Future Flexible Armour
The most likely solution to this is ‘momentary inflexibility’. Whether this is achieved by magnetising the suit in anticipation of the impact, or through some clever use of dilatant fluids, the principle is the same. The suit is flexible except when being struck, at which point rigidity lasts long enough to resist the impact.
One way to stay mobile while also being indestructible is to rely on some sort of energy field that repels incoming projectiles. An advantage unique to this sort of defence is that it makes no differentiation between the ‘joint’ areas and the ‘rigid’ areas of the human body and this makes it a huge boon to anyone in critical need of dexterity (brain surgeons take note). Unfortunately, whether this is a plasma shield, or a magnetic screen or whatever future science you choose, it does still have some limitations.
Firstly you need to think about how your shield user will interact with the world. How do they breathe? What if they need to pick up something outside of the shield, or shake hands with someone? How does your shield differentiate between a dangerous projectile and the air, or the floor underfoot?
Short of rewriting physics there’s not really a ‘solution’ for this problem but its also very similar to the weight problem faced by conventional body armour. By reducing shield coverage, you can apply more of your power source against the threat. Further more it may not be necessary to make a shield that can stop every kind of weapon. Just because you can acquire a shield powered by antimatter, doesn’t mean the person attacking you can acquire a weapon that will go through it.
Most world builders will be familiar with the idea of powered armour – take a suit of armour too heavy for a normal human, and then use servos and motors to drive the limbs so the user isn’t fatigued. In some universes the powered armour also provides tremendous strength to the user, so they can throw enemies through walls and such.
The biggest obstacle to powered armour is extremely close to the heart of most military folk, but rarely considered by most gamers – serviceability. Serviceability is how easy a machine is to maintain and how likely it is to breakdown, even if well maintained. A basic human rifleman has an almost perfect serviceability ratio – with sufficient need they will find a way to fight even if tired, hungry or injured, even if their normal equipment is damaged or missing, they’ll find a way to engage the enemy.
Powered armour complicates this a lot. If a unit is marching overland and one of the suits breaks down what does the unit do? Abandon the suit and have one member fight unarmoured? Wait in place until a repair crew can arrive? Leave the individual to protect their suit while they press on a man down?
Obviously in your future it might be predicated that things break down less often but it might be unrealistic to say ‘never’. Consider that a basic rifleman relies on one moving part (the trigger mechanism in their gun) while a powered armour suit will have some amount of machinery in every joint (at least fifteen) and an electrical system to drive it all. All else being equal your powered armour suit is fifteen times more likely to break down than your rifle.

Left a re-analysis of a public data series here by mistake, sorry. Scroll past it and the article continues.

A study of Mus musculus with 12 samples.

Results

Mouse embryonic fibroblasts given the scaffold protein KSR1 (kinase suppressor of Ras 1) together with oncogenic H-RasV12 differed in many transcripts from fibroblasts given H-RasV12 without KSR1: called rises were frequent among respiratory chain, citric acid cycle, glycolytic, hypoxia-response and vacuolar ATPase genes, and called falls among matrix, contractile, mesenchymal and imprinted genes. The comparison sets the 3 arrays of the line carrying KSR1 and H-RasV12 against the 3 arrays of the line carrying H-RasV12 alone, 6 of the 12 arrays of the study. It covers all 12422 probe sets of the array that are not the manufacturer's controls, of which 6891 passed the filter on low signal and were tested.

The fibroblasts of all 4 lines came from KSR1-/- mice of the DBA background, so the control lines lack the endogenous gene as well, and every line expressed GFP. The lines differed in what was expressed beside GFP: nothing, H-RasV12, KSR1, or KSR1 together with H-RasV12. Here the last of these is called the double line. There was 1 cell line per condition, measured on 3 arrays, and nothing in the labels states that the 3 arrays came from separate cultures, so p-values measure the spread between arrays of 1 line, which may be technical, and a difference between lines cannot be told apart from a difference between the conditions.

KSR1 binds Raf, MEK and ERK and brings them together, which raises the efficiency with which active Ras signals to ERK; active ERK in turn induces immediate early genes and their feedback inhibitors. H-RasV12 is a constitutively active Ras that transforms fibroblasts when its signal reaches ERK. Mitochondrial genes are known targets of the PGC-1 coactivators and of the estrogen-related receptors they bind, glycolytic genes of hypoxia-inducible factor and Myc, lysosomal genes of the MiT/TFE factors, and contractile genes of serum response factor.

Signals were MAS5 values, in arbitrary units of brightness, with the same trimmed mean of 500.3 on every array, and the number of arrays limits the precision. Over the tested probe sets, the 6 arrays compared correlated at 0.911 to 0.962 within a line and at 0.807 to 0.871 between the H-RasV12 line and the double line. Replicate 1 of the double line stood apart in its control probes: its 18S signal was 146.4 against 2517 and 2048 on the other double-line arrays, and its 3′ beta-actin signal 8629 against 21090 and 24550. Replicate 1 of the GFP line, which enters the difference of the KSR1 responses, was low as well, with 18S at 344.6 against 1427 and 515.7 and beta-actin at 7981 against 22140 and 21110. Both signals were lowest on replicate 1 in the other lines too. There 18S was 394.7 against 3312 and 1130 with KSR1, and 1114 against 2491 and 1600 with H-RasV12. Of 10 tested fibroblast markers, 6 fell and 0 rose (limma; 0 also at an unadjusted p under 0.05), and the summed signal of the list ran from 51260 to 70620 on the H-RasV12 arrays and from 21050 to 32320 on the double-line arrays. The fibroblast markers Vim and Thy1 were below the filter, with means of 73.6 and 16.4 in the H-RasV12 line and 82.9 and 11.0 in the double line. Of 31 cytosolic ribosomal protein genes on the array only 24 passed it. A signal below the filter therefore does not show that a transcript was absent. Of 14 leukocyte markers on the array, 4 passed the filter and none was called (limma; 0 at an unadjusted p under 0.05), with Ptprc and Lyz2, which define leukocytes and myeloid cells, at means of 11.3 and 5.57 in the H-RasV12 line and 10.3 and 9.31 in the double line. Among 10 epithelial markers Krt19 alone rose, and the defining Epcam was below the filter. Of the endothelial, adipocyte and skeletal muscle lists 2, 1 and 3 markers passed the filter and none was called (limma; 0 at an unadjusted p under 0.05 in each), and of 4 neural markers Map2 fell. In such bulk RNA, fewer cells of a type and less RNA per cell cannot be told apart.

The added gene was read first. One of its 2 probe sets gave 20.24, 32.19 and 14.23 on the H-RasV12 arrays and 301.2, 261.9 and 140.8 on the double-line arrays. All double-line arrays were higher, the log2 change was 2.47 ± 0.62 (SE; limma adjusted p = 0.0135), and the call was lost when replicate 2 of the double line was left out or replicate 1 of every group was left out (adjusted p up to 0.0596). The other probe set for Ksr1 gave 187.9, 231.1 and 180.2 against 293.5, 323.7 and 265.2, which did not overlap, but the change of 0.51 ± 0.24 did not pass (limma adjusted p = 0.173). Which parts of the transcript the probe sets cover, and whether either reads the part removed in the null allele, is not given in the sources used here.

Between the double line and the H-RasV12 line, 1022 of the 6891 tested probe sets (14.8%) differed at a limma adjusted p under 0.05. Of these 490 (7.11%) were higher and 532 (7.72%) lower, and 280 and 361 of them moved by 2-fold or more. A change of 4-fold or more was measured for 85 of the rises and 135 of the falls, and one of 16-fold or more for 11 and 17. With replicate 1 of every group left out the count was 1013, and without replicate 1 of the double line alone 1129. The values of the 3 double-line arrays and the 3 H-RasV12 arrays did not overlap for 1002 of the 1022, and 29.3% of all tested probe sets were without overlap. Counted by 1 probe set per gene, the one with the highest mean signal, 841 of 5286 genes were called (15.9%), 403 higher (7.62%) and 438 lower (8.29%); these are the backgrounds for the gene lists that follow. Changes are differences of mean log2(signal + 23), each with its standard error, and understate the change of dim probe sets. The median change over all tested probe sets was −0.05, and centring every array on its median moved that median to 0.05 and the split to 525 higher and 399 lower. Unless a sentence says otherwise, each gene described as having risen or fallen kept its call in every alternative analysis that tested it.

It’s also probable that this armour takes some time, and perhaps equipment, to get into. This means that if a base is attacked unexpectedly (and enemies so rarely RSVP), the defenders are likely to have to fight without their armour.
All of this is not to say that powered armour wouldn’t exist. Attack helicopters also take quite a bit of time to get ready and can have poor serviceability rates, but most armies won’t leave home without them. The key detail here is that an army is unlikely to hand out powered armour to every single soldier. Most likely specialised ‘heavy infantry units’ would use this gear and such units would likely be responsible for attacking the enemy, rather than holding ground.
Now its entirely likely that most designers would choose to provide a little of each, but there would absolutely be variants for every niche. There would be light exosuits that provide tremendous physical strength and agility but no additional protection and equally there would be dreadnaught suits that are no faster or stronger than an unaided soldier, but have higher levels of protection.
It's also very likely that powered armour suits will follow the present-day tradition of focusing armour coverage around the torso. The issue of heavy weight away from the core wouldn’t just fatigue humans, it would stress mechanisms and deplete batteries. For the same tech level and investment you could have a lot more torso armour than you could have protection on the extremities.
war... war never changes
The common thread here is that many of the underlying challenges armour manufacturers face will be as true in the fusion age as they were in the bronze age. Foremost among these is that, for a given weight and technology level, a weapon will always defeat an armour because the armour must express defence in many directions while a weapon need only attack a single point. Short of a system that can predict incoming attacks with precognitive accuracy it is unlikely this will go away.
As a result of this limitation armour manufacturers will likely continue to focus their protection on the most vital regions of the human body. Their focus will remain ‘saving lives as a last resort’ and not ‘creating a bullet proof superman’.